Kongō no Kata (formerly known as Shūshi no Kon)

I wrote about Kongō no Kon recently, which was created by Taira Shinken based on elements taken from Sueyoshi no KonSesoko no Kon, and Soeishi no Kon. Then Mr. Y, one of the inquirers, asked about another kata called Kongō he had heard several years ago and which was published in the Karate-dō Taikan in 1938, and that it was a variation of Shūshi no Kon.

And that’s right. At that time, Taira reformed old-style Shūshi no Kon and renamed it Kongō no Kata. Actually, the exact title of the chapter in question reads “Kongō no Kata (formerly known as Shūshi no Kon.”

However, at some later point in time, Taira reversed this, created Shūshi no Kon Shō and Dai, and then at some point created Kongō no Kon as a completely different kata. This must be seen in context with Taira trying this and that since the 1930s through to the 1960s.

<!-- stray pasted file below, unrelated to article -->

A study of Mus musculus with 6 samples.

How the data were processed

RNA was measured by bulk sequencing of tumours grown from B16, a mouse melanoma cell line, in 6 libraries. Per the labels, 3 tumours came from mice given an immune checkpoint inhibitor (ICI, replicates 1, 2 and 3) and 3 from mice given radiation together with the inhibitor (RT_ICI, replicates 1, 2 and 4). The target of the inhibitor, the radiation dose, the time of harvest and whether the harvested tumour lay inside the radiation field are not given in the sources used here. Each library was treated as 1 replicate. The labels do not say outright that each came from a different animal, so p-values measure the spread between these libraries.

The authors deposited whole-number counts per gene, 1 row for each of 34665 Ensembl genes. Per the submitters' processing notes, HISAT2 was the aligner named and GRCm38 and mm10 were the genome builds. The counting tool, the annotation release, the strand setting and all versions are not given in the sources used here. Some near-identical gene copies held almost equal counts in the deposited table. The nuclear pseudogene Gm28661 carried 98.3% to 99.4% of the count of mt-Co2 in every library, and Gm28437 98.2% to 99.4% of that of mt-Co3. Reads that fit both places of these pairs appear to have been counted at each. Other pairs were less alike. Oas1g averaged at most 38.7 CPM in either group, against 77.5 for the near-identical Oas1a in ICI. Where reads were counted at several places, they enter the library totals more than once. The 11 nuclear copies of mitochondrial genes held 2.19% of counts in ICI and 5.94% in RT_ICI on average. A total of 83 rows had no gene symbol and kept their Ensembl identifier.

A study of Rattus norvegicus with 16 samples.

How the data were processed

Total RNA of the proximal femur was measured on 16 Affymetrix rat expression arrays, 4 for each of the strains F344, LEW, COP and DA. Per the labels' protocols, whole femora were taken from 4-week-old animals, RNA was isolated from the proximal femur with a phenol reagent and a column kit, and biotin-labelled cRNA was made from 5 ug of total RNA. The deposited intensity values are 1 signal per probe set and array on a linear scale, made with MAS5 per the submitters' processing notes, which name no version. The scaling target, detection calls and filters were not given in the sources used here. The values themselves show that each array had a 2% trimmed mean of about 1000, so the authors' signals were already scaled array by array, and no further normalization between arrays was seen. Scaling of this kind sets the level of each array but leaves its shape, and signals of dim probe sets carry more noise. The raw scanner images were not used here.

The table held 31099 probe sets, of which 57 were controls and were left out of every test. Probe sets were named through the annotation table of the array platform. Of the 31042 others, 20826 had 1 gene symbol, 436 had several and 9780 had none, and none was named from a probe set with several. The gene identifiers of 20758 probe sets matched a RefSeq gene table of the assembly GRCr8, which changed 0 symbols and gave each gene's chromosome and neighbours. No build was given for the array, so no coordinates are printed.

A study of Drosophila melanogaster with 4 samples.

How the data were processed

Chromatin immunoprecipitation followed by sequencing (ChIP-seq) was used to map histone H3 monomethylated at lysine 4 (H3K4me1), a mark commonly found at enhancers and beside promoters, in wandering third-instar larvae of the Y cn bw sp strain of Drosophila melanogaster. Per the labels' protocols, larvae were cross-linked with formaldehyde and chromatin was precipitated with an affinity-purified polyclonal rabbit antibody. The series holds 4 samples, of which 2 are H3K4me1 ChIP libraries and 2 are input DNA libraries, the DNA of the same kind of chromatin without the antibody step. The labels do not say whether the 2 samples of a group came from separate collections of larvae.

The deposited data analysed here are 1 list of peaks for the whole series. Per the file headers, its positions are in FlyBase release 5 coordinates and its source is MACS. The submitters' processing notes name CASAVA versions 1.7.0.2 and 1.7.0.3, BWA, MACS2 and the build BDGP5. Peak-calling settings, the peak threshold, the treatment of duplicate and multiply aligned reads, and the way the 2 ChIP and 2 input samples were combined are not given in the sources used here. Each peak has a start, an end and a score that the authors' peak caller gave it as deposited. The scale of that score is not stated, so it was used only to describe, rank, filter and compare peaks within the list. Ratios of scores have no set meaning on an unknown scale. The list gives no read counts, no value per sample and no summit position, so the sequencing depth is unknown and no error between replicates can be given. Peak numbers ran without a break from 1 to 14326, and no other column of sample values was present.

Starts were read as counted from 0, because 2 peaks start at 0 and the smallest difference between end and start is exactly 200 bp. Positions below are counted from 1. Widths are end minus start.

Anyway, Taira’s 1938 attempt of “Kongō no Kata (formerly known as Shūshi no Kon)” is still interesting. It is composed of illustrations and accompanying text. There are several things to note and some technical specifics that are quite intruiging. Therefore, I made a video explaning everything and showing the kata for consideration.

In addition, and since it was sitting on one of my drives anyway, I prepared an English translation of the kata. As a side note, I took the photos of the kata from the Karate-dō Taikan in 2009 in the study of the late Nagamine Shōshin sensei at the Kōdōkan, Matsubayashi-ryū Honbu Dōjō in Naha Kumoji, with the consent of Nagamine Takayoshi sensei. That was an original 1938 edition, but I used a cheap camera or phone (I don’t remember) so the quality is not good.